When we follow Jesus Christ, we are invited to join his work in making the world more like heaven. The question is how are we called to serve, not if. God knows what you can do, God knows what you cannot do alone, and God knows what those around you need.
Think Carefully About Who You Are
What are you good at? What issues make you most passionate? What do others tell you that you are good at? Affirming the gifts and talents of others, so they may see what God is calling them to do, is as important in community as asking what we ourselves are called to do. There is no skill or passion that cannot be used to help others!
Ask Honestly, Where Am I
Where are you can mean literal geography, but it may also mean your current financial situation, your current health, your current family obligations. We have times in our life where have more extra money than extra time; we have times we have more free time than extra money. God knows that. Are you free to travel the world, or do you need to stay local?
What Are the Needs Around Me
From a leaky sink in a church kitchen to world peace, there is alway a need where we can be a blessing. Be attentive to what others need.
As we prayerfully sort these questions, asking for God to guide us, and listening to those in our life who know us and our communities well, we find what God may be asking and empowering us each to do today. The scale of the world's challenges is too much for any one person. But God does not ask each individual to make the world better, God invites us, together.
1 Peter 2:5a (NRSVA)
Inside the word "commissioned" we see "mission." Commissioned ministers lead locally for a specific time and a specific ministry. Commissioned ministers may be volunteer, part-time, or full-time. They serve at the invitation of the local community and with the blessing of the national church. The status of commissioning may be renewed, but it is not transferable to other ministries. Commissioning allows both the ministers and the church to respond quickly to needs. A commissioned minister is expected to continue their pastoral training, follows the same ethical expectations of our ordained ministers, and may or may not be pursuing ordained ministry.
Ordained ministers are called to a lifetime of leadership and service. They are expected to have significant training and experience, usually requiring a master of divinity degree. Ordained ministers are ordinarily local congregational pastors, but can also be found as chaplains in the military, hospitals, or schools, as denominational leaders, as religion professors, or directing "secular" nonprofits with a strong sense of God's calling upon that work. Even those who are not currently working in a congregation remain ordained ministers, and are expected to maintain the same ethical standards and continuing education of those currently employed.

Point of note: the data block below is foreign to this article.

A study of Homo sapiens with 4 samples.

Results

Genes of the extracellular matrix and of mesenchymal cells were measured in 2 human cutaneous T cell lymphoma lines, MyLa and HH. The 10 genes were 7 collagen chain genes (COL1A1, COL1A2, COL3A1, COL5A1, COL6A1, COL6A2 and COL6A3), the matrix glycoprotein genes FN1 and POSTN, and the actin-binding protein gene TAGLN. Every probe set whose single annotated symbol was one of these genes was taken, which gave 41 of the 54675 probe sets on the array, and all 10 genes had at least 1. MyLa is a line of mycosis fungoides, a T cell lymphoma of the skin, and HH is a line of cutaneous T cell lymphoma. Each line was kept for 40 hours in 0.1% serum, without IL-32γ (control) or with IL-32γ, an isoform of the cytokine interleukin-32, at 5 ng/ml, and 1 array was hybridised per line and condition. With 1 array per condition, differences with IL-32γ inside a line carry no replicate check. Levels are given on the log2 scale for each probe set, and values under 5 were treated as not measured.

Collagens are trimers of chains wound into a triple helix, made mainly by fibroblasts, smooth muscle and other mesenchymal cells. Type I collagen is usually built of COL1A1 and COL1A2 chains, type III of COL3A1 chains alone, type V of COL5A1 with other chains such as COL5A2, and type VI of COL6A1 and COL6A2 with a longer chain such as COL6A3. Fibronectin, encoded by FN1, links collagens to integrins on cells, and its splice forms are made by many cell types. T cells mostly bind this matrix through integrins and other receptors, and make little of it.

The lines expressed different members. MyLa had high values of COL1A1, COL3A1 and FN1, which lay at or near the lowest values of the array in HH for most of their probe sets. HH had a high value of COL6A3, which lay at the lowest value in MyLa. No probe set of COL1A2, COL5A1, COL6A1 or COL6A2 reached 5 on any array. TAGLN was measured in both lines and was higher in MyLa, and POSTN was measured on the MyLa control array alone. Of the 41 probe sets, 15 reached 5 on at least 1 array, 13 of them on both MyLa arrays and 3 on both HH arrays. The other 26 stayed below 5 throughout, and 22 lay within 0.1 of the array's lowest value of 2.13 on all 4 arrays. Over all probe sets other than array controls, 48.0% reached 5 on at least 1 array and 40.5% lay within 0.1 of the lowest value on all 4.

Ordained ministry qualifies leaders for certain jobs, but it is a calling on one's life, not just a job. The path to ordination is long and both academically and spiritually rigorous. We strive to support those who pursue this call, of course! In most instances, ordained ministers of the Christian Church (Disciples of Christ) in Canada would be eligible to accept leadership in other countries' Disciples congregations, in the United Church of Canada, and the United Church of Christ.
We celebrate the culmination of this process with an ordination service, a joyful time of the whole church affirming someone's gifts and call.
For those active in a Disciples congregation, the first step is to talk to your own pastor.
As a movement for wholeness in a fragmented world, we acknowledge that Jesus has called disciples to leadership beyond our community and our structures.
We would usually not "re-ordain" someone who has already been ordained, but to issue our credentials, which we call "standing", someone from another tradition would be expected to meet the same educational and competency requirements as someone ordained by us and agree to our ethics and continuing education requirements. The process is simplest for those from the US regions of the Christian Church (Disciples of Christ) and our Full Communion partners, the United Church of Christ and the United Church of Canada, but we are open meeting and getting to know leaders of any Christian tradition. We would want to learn more about why the minister feels called to our church and make sure they have taken time to truly understand our culture and ethos, for their own spiritual wellbeing as much as for ours.
As a passionately ecumenical movement, we are generally very welcoming to allowing clergy to have standing or credentials in multiple denominations, especially since so many of our own ministries are in partnership with other traditions. A minister seeking standing with us should verify that their other tradition will accept their departure or their dual status as the minister intends, as we have no control over another denomination's policy.
The first step to explore this is to contact the National Pastor, Rev. Jean-Daniel O'Donncada (firstname.lastname@example.org) with a letter of introduction explaining your interest in our church and your CV, including ordination history and education.